The Jolly Contrarian’s Glossary
The snippy guide to financial services lingo.™
The back page of a prospectus, which lists all the participants of the deal, their advisors, friends and relations, laid out in a hopscotch format that looks a little — not a lot — like a football team formation — you know, 4-4-2 — hence the “witty” name.
Of course, in any sizeable deal it will look less like a football team and more like a game of bullrush or just a pitchfork mob. It is not clear which way the team is playing or whose side the various “players” are on (this is rather symbolic of much that goes on in financial services) but one best avoids disappointment — especially if one is the Issuer — if one assumes the team is going in no particular direction and is indeed perfectly happy to sit down and just chomp away on any rent that drifts past that player’s nose. The players are, as ever, really playing for themselves.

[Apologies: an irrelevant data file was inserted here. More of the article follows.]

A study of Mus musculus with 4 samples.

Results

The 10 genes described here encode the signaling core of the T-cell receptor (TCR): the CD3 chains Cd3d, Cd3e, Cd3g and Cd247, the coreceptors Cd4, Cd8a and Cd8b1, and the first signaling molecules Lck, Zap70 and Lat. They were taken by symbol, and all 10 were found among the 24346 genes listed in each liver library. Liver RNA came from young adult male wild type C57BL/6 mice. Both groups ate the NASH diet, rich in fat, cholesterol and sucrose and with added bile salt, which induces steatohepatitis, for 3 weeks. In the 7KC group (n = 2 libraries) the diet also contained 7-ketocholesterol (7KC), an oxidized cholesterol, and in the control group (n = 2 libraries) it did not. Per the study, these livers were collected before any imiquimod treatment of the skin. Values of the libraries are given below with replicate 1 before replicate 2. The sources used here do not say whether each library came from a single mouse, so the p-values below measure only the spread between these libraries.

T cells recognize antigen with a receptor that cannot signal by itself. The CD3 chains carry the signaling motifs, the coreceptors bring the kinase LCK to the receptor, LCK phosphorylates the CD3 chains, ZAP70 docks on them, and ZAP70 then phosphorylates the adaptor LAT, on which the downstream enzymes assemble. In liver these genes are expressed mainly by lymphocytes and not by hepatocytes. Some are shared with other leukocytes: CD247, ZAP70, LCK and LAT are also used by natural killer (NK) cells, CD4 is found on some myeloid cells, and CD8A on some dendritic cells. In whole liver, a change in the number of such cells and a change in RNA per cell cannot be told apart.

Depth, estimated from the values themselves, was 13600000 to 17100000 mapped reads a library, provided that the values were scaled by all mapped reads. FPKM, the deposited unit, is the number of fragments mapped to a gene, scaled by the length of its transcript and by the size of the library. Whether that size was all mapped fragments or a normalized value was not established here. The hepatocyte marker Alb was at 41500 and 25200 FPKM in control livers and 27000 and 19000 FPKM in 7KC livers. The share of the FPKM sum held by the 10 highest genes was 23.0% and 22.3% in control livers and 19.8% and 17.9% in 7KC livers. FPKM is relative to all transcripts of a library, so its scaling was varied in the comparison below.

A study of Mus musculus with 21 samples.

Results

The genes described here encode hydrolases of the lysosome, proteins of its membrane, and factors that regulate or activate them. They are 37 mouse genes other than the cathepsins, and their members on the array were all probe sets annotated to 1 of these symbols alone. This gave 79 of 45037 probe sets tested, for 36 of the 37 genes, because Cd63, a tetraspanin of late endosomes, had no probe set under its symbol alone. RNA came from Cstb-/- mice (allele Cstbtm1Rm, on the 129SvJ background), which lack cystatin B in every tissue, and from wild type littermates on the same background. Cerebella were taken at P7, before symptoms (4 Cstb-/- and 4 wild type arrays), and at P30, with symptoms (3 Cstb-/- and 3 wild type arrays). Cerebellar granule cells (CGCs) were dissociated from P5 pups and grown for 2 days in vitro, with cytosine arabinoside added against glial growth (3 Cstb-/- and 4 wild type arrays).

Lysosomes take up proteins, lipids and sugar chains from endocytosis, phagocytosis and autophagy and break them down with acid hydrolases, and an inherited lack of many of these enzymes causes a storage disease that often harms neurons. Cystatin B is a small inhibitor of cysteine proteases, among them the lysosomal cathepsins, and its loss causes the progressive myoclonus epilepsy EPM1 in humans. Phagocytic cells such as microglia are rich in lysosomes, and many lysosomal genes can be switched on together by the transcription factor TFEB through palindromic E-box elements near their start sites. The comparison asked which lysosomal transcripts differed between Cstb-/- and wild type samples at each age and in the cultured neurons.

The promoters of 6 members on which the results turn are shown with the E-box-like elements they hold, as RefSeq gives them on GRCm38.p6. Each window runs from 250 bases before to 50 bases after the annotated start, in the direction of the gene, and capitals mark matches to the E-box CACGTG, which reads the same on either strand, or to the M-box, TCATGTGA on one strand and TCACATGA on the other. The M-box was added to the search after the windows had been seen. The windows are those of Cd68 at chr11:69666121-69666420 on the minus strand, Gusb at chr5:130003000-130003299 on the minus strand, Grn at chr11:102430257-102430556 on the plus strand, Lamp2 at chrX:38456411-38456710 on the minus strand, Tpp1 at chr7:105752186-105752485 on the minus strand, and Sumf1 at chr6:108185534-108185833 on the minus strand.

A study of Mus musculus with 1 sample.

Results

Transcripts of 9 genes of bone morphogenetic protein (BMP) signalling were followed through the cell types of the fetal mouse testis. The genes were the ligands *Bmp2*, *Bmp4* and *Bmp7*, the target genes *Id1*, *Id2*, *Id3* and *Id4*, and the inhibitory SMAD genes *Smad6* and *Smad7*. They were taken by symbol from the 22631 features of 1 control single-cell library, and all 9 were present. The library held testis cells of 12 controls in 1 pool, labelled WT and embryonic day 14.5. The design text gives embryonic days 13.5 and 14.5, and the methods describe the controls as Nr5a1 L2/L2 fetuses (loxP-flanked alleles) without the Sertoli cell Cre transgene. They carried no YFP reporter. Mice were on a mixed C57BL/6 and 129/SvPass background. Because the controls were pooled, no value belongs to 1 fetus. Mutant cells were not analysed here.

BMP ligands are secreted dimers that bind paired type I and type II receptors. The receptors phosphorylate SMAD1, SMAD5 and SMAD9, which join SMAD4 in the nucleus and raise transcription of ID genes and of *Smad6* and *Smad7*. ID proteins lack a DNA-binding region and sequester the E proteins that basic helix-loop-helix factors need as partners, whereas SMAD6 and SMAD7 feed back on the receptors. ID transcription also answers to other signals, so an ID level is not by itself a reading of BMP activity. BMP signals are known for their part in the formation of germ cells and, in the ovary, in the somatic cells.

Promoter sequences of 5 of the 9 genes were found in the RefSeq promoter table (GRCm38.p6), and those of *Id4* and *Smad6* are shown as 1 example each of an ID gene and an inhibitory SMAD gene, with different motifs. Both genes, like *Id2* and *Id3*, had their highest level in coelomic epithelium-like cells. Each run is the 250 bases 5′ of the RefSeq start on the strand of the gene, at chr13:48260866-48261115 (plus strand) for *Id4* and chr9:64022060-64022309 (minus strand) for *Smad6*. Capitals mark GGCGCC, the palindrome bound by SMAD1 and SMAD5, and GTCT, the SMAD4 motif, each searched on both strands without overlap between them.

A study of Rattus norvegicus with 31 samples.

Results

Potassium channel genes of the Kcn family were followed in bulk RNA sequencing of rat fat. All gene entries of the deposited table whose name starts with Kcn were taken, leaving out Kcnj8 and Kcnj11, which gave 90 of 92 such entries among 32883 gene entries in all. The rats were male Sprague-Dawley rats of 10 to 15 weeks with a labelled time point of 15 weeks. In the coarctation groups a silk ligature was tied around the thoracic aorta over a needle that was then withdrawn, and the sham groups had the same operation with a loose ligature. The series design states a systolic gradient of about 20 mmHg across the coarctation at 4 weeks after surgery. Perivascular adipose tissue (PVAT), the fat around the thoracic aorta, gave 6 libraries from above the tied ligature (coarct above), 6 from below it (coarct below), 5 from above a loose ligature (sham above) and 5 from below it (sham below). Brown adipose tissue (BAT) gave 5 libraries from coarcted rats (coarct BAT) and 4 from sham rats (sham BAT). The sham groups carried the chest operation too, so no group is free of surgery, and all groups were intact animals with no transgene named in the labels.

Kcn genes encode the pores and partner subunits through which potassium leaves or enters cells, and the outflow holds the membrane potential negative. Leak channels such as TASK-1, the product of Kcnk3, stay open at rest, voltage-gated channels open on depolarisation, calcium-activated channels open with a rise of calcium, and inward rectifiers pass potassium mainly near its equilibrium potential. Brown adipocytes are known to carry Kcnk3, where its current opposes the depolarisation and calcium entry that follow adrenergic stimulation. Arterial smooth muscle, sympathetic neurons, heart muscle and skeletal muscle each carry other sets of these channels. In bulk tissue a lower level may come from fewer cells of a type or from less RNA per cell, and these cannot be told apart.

Why is there a football team?
Why there was ever a football team, and how it got to resemble one, is lost to the mists of history but these days it sybolises one’s public involvement in the deal and therefore can contribute to one’s standing in the league tables — a curated list of which managers, law firms, accountants and paying agents participate on the most publicly announced deals in a given period.
You would need to find an advisory banker from JP Morgan or Goldman to explain exactly what the significance is of being at the top of the league tables, and whether it helps them stay at the top of the league tables. To the JC it is just one more dubious proxy for substantial quality. Call me a curmudgeon.
Checking the firm’s name is correctly punctuated in the football team — that is Citibank, N.A., note — can be a life’s work for a certain kind inhouse eagle cadet. We call such a fellow a “red herring ninja”.
Beyond even the ISDA ninja, the tax ninja or the Stock loan ninja, she is the purest form of inhouse counsel. She has worked for your DCM team since 1995 and her sole ability — and we should not besmirch it, for it has served her well — is to hover around the Biggs threshold of minimal legal significance, bad-temperedly correcting the typography and punctuation of his employer’s legal name — “
, London Branch acting through its London Branch” is the classic — wherever he finds it on the football team of the firm’s deal prospecti.